OREANDA-NEWS. Fitch Ratings has assigned South Korea-based Electric Contractors' Financial Cooperative (ECFC) an Insurer Financial Strength (IFS) Rating of 'A-'. The Outlook is Stable.


The rating reflects ECFC's niche position in providing performance guarantees and loans to electrical contractors, sound capital position and manageable risk profile. The rating also incorporates a one-notch uplift for potential state support in light of ECFC's important strategic role, its establishment under specific legislation in Korea, the Electric Contractors' Financial Cooperative Act, and its supervision by the Ministry of Trade, Industry & Energy.

ECFC is exposed to concentration risk as it provides guarantees and loans to a single cyclical industry in a single country. It has well-defined exposure limits for providing various guarantee and loan products to its members. Guarantee premiums, interest on loans and investment income are key earnings contributors. Claims have been small. Profitability has been steady with pre-tax ROA at 1.4% in 2014 and 2015.

ECFC's capital level is sound and commensurate with its business profile. Its ratio of guarantee risk exposure to total shareholders' funds has been moderate at about 5x for the past five years, while shareholders' equity has consistently covered about 95% of its assets.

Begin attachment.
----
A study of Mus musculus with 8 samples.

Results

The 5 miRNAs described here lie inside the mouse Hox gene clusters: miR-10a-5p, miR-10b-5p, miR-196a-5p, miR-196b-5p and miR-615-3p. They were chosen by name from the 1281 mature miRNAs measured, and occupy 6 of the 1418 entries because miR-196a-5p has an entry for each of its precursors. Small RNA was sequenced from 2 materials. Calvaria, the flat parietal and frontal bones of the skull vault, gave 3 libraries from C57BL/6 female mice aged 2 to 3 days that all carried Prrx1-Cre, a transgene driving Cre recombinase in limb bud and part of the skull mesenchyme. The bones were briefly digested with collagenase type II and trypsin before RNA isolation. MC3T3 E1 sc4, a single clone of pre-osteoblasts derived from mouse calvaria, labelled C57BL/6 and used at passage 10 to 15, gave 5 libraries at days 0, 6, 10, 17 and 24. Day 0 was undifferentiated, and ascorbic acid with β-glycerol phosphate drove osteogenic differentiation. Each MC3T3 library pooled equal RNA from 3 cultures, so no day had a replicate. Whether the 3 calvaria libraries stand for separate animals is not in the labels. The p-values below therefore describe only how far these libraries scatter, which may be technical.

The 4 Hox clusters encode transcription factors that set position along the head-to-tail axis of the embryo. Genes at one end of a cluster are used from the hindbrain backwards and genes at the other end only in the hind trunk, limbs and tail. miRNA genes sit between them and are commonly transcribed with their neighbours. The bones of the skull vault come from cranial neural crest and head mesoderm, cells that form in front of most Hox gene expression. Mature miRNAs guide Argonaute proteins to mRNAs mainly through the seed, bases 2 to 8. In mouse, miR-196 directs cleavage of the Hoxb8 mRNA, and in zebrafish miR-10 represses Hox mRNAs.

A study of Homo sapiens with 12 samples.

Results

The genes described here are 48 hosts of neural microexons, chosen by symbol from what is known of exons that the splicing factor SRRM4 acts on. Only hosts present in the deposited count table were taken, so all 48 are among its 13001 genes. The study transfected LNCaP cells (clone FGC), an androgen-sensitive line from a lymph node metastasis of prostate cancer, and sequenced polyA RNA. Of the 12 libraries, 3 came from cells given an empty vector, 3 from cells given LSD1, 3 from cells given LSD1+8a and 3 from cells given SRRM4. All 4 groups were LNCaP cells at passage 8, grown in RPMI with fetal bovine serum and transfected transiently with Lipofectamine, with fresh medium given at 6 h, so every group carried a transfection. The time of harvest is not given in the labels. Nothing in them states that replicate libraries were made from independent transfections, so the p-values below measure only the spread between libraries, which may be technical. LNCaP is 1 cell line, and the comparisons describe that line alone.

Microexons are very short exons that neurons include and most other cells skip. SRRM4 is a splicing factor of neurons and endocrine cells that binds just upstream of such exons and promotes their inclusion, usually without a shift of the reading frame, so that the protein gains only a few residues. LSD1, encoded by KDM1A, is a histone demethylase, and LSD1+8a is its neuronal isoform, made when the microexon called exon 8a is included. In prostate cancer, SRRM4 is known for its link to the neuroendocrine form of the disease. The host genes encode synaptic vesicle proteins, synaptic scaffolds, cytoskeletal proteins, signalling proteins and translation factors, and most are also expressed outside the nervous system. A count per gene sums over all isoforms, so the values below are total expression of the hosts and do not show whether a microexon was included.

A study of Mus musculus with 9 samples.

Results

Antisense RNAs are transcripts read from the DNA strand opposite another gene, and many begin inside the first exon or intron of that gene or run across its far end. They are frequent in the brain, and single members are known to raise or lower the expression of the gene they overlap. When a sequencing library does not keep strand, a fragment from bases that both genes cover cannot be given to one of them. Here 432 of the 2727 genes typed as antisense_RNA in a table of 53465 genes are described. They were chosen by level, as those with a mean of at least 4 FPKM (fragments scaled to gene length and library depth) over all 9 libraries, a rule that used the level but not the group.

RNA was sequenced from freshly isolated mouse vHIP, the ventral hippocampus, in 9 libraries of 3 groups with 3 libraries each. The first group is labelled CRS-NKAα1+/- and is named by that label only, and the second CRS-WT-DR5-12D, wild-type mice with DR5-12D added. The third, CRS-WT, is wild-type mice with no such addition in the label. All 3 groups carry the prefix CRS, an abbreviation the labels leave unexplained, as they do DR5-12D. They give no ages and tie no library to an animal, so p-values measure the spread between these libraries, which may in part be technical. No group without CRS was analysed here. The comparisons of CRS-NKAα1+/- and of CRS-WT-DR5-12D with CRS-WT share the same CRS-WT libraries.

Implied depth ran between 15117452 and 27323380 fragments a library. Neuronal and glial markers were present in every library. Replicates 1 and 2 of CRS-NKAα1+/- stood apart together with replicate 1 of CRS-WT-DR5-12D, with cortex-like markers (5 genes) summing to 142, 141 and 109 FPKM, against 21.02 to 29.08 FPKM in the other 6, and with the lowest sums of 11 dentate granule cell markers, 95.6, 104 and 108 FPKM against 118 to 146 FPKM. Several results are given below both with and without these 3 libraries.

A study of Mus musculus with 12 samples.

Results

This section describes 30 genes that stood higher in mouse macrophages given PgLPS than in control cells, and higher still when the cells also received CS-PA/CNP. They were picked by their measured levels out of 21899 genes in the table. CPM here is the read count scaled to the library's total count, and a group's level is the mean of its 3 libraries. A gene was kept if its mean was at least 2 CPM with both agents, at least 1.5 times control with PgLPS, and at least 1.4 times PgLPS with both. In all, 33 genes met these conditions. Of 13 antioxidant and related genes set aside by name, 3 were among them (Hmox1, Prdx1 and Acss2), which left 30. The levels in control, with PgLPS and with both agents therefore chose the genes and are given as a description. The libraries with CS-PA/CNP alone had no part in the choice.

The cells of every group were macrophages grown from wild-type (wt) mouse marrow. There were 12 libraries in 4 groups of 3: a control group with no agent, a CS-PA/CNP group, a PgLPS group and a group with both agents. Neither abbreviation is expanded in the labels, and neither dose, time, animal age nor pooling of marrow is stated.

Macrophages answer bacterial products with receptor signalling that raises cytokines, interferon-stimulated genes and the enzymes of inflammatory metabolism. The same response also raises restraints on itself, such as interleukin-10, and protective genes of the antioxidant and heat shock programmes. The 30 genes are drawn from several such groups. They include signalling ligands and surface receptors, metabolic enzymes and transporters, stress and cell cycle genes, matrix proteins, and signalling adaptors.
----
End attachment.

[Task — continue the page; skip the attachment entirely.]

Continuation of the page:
ECFC aims to preserve capital and secure liquidity in its investments. Loans to members represent about 60% of ECFC's invested assets with durations of less than one year. It allocates other assets based on defined yield targets and risk tolerances and has mostly focused on bank deposits and fixed-income instruments. Equity exposures are minimal, accounting for about 2% of total invested assets at end-2015.

ECFC plays a key role in contributing to the healthy development of Korea's electrical contractor industry, in promoting independent economic activity and improving the economic status of electrical contractors. Its members include 95% of the industry's registered electrical contractors.


Key triggers for an upgrade are improvements in its business profiles, including successful and profitable business diversification in terms of business class and geographical spread, supported by a consistently solid capital adequacy and prudent risk appetite.

A downgrade could arise from a significant deterioration in its credit profile, including a significant increase in guarantee exposures and large credit impairments in its guarantee and/or loan portfolios.